Shenandoah Cornish said Flagstaff is the best place she could have imagined growing up, and she is proud to call it her hometown.
And now for the past year, Cornish has been in Colombia helping others take pride in the their own village. With help from the locals of Minca, Colombia, located in the Sierra Nevada de Santa Marta mountain range, Cornish started a museum as the residents reclaim their own hometown from guerilla warfare and narcotic use.
“When I moved here in 2016, Colombia was in the midst of its monumental peace process with the FARC guerillas,” Cornish said of the Revolutionary Armed Forces of Colombia, which was known for its militia tactics including kidnapping and terrorism going back to 1964 prior to a peace treaty.
“This moment of transition, hope and possibility seemed like an interesting place to be, especially for my academic interests,” Cornish added.
Cornish attended DeMiguel Elementary School and Northland Prep Academy in Flagstaff before moving to the Verde Valley School in Sedona. Cornish then moved to Virginia to study global politics and anthropology at Washington and Lee University.
After graduating from college in 2016, Cornish moved to Colombia as a student exchange program supervisor. In Minca, she worked and practiced Spanish in a local café -- one of the town’s two buildings with an internet connection.
“One day, while practicing the names of family members, [the girls who worked at the café] told me that their father had been one of the first victims of the paramilitary in town,” Cornish said. “I realized that my basic knowledge of the Colombian armed conflict was not representative of the reality, especially in the Sierra Nevada, and I began to educate myself.”
Cornish was surprised at how difficult it was to find “clear, unbiased sources” that laid out Colombia’s recent history, especially in English. She began asking anyone who would speak to her about their own personal experiences and perspectives, improving her Spanish in the meantime.
“I was absolutely shocked by the answers I received,” Cornish said. “There is a whole world of history below the surface of small-town Colombia, some of it beautiful, some of it terrible, but all of it moving.”
Cornish began to think if local stories were shared, it could be a way for them to take back ownership of their town and help the many travelers “become more respectful and conscientious.” Colombians are endlessly subject to comments about Pablo Escobar and the country’s history of narcotics trade, Cornish said.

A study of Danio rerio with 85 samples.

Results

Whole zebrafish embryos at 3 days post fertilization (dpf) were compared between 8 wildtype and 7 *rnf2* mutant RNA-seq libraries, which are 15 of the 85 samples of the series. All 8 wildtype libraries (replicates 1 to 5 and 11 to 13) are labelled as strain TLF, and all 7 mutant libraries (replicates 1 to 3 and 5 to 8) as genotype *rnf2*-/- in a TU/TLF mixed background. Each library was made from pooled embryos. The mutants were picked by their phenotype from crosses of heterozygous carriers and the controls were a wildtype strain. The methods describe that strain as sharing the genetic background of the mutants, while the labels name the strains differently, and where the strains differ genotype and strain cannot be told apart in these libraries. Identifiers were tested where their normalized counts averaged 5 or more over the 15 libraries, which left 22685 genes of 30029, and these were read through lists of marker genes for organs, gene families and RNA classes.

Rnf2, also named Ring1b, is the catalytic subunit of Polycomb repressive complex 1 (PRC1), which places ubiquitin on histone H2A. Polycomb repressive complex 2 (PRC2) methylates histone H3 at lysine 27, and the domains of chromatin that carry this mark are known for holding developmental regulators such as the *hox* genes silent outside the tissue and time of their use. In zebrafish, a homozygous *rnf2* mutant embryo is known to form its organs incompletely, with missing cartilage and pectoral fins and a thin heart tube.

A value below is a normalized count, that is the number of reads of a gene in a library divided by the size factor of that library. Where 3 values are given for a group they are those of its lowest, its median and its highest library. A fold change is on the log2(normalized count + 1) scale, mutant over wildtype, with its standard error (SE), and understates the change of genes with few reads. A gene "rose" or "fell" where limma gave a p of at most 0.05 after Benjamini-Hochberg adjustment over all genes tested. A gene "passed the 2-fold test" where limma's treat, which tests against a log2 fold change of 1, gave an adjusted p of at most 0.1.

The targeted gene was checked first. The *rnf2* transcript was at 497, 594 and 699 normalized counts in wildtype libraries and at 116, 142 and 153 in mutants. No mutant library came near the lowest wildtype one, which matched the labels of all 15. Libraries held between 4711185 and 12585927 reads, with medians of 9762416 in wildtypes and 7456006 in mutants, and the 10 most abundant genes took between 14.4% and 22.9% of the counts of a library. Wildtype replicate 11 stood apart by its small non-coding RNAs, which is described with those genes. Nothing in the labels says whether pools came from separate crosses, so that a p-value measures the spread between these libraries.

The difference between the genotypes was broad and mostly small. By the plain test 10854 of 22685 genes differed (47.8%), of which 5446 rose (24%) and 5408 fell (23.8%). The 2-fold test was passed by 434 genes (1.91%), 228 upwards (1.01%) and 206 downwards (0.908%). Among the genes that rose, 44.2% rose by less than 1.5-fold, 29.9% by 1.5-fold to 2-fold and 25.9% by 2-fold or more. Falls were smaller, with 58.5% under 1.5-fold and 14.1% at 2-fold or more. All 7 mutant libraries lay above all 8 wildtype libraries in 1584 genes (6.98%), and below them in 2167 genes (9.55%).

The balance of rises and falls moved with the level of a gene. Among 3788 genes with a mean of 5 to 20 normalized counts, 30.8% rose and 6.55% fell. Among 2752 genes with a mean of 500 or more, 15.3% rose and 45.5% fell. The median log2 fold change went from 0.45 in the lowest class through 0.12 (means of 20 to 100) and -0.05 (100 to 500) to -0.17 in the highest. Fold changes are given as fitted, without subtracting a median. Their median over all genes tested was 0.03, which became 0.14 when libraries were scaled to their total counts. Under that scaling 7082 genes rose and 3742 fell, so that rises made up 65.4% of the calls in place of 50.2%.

From there, Cornish teamed up with local school teacher Manuel Balaguera, who was personally affected by unrest in the town, displaced once by guerrilla and again by paramilitary.
“I don’t think we have spent a day apart since our first conversation,” Cornish said. "His experience, contacts and involvement in the community took my investigation in an entirely new direction."
“The first major challenge was gaining the trust of people in the community. They have seen many thesis students, documentarists and foundations that come and use their stories and pain for their own agendas, or to make money, without contributing anything to the community or individuals that share their experiences,” Cornish said. “In the beginning, people did not want to discuss their experiences or share their photos. The fact that the museum is now filled with pictures and information is a testament to how far we have come.”
The museum is divided into four sections: the four indigenous groups in the area, the history of coffee there, the history of the armed conflict and the transformation of the region with the arrival of tourism.
“Museo Minca is an oral history museum. It takes the idea of a museum and turns it upside down,” Cornish said. “Instead of a quiet place to examine and read about objects, it is a uniquely personal storytelling experience. The walls are lined with old photos given to us by community members in the style of a life-sized photo album.”
Recently, Museo Minca’s storytelling tour has become the number one recommended attraction for travelers, and they count visitors from nearly 40 countries.
Tourists are drawn to Minca’s lush tropical forests to partake in scenic hikes, bird watch, jump off waterfalls and perhaps even visit the world’s largest hammock.
Once a tourist in Minca herself, Cornish hopes visitors to the museum will be reminded that “travel is more than just a way to get material for Instagram, or to check a country off a bucket list. It is a way to better understand the world and each other as citizens of it.”
The museum is free, but asks for donations for the tour. Cornish and Balaguera have won the first two grants they applied for – one to formalize the investigative aspect of the museum, allowing them to professionally film, translate and project their interviews, and the other from the Colombian Ministry of Culture to help employ and empower locals.
So far, Museo Minca helps locals by giving free English classes, holding indigenous language and culture workshops, and holding a discussion series on Colombian history and current events.
“We are also having success in bringing back community events that were lost during the conflict,” Cornish said, adding that they are excited to host a candlelit community fun-run in December.
“The power storytelling has is incredible,” Cornish said. “It brings people together, lets us walk in one another's shoes, understand the world in new ways, and makes us examine our own place in it.”